Over the past few decades the number of children that suffer from allergic diseases in western developing countries has increased dramatically. In fact, just between 1950-1995 the prevalence for allergic disease in children increased by 35%.1 In 1989 Dr. Davis Strachan came up with what is now known as the hygiene hypothesis, which suggested the increased allergic disease prevalence was consequently due to decreased contact with infectious microbes during early childhood. He explained how the bacteria that causes infections tend to strengthen the immune system by increasing the microbial diversity of the intestinal flora and triggering the production of regulatory T cells; these cells regulate the production of immunoglobin E (IgE) antibodies that release chemicals that cause allergic reactions.1,2 Atopic dermatitis is an IgE-associated allergic disease, common in children, that has previously been linked to population variations of commensal lactic acid-producing bacteria.1,2 Studies have shown that when Lactobacillus rhamnosus GG (LGG) was given as a probiotic to mothers from 36 weeks pregnant to when they stopped breast feeding, and then directly to the infant for 6-24 months, the risk of developing atopic dermatitis was decreased by about half.1,2 Evidence from these studies suggests that enhancing the intestinal microbiome by introducing specific probiotics at an early stage, can help prevent the onset of atopic dermatitis in high-risk children. The success of these studies has also produced viable evidence to support further investigation into finding different strains of probiotics that could possibly aid in the prevention of other atopic IgE-associated allergic diseases in the future.
1.Biosci Microflora. 2011;30(4):119-28. doi: 10.12938/bifidus.30.119. Epub 2011 Nov 17
4.J Allergy Clin Immunol. 2008 Oct;122(4):788-794. doi: 10.1016/j.jaci.2008.07.011. Epub 2008 Aug 31
The microbiome of the gastrointestinal tract has been at the forefront of skin care research, but in the last few years the actual skin microbiome has become a focal point for research on inflammatory dermatological conditions like atopic dermatitis (AD).1,2 The human skin is home to about over million bacteria, fungi and virus per centimeter where species vary depending on a variety of factors including: location on the body, environment, sex, age, diet, and hygiene.1More and more people are becoming susceptible to dermatological conditions due to new lifestyle changes that can potentially alter the microbiome into a state of dysbiosis. Research has shown that introducing certain probiotics topically can treat different conditions by counteracting the imbalance of the microbiome, enhancing skin barrier functions, preventing biofilm formation, and encouraging the growth of beneficial bacteria on the skin.1,3 However, research has also shown that different strains of bacteria have different effects on the microbiome. For instance, Staphylococcus epidermidis promotes skin immune functions while Staphylococcus aureus does the opposite causing an imbalance in the microbiome and making the skin susceptible to pathogenesis.1,3 Understanding the different effects that certain microbiota have on the microbiome of the skin could lead to huge advancements in the skin care world. With every study, scientists get one step closer to cracking the code of how to hack the microbiome of the skin and personalize treatment options for a variety of skin conditions. Nevertheless, one biggest obstacles that they will have to consider is how diverse these microbiomes are from one person to the next.2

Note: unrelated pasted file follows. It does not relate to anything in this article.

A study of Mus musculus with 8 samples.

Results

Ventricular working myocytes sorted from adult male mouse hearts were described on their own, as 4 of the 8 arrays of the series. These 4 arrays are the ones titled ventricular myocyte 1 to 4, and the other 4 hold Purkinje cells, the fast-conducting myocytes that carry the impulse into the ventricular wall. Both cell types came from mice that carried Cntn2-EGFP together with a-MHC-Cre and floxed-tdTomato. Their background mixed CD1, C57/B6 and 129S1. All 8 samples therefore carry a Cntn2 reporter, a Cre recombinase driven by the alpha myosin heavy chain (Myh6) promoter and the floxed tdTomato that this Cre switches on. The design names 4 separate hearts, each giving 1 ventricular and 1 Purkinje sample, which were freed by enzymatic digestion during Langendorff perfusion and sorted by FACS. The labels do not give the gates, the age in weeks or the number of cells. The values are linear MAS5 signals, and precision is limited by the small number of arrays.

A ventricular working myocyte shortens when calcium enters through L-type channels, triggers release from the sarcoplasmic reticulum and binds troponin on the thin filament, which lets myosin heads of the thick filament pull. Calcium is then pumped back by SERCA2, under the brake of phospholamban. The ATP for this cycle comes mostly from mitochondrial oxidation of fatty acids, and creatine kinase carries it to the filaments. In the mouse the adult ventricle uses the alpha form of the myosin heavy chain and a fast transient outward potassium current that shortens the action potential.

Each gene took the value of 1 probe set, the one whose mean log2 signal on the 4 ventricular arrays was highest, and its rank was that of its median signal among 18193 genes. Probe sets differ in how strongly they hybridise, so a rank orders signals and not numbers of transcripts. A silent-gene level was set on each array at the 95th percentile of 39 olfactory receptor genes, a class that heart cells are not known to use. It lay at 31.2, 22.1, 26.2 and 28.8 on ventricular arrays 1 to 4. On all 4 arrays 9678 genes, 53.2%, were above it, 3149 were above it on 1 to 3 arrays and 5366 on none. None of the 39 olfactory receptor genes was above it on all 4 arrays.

1. Cates T (2019) Enhancing the Skin Microbiome to Address Inflammatory Dermatologic Conditions. Townsend Letter:50-51.
2.Euromonitor International. 2019. The role of microbiome in the evolution of skincare [PowerPoint slides].
3.JCI Insight. 2018 May 3;3(9). pii: 120608. doi: 10.1172/jci.insight.120608..
Most people take oral probiotics to promote the health of their intestinal microbiome, but it’s now evident that topical probiotics can also benefit the microbiome of the biggest organ of all; the skin. In the past there have been studies that explain how taking oral probiotic supplements could benefit your skin from the inside out, but researchers are beginning to take a new perspective when it comes to probiotics from the outside in. The have begun investigating the possibilities of topically transplanting probiotics directly into the skin microbiome to treat different skin diseases. A study from Myles et.al., 2018 explained how large populations of Staphylococcus aureus (S.aureus) were found in areas affected by atopic dermatitis, and potentially worsening the symptoms. In hopes that they could combat the symptoms with a probiotic for the skin, they decided to try transplanting an “anti-S.aureus” bacteria, Roseomonas mucosa (R.mucosa), to a patient suffering from AD. They found that it was only when R. mucosa was transferred from a healthy volunteer to the affected area of an AD patient, that S.aureus populations decreased along with pruritis, inflammation, redness, and over all intensity of AD symptoms.2 The results of this study highlight how as researchers uncover how different probiotics affect the microbiome of the skin, they can figure out ways to utilize them in creating different treatments for a variety of skin disorders.
1.Cates T (2019) Enhancing the Skin Microbiome to Address Inflammatory Dermatologic Conditions. Townsend Letter:50-51.
2.JCI Insight. 2018 May 3;3(9). pii: 120608. doi: 10.1172/jci.insight.120608.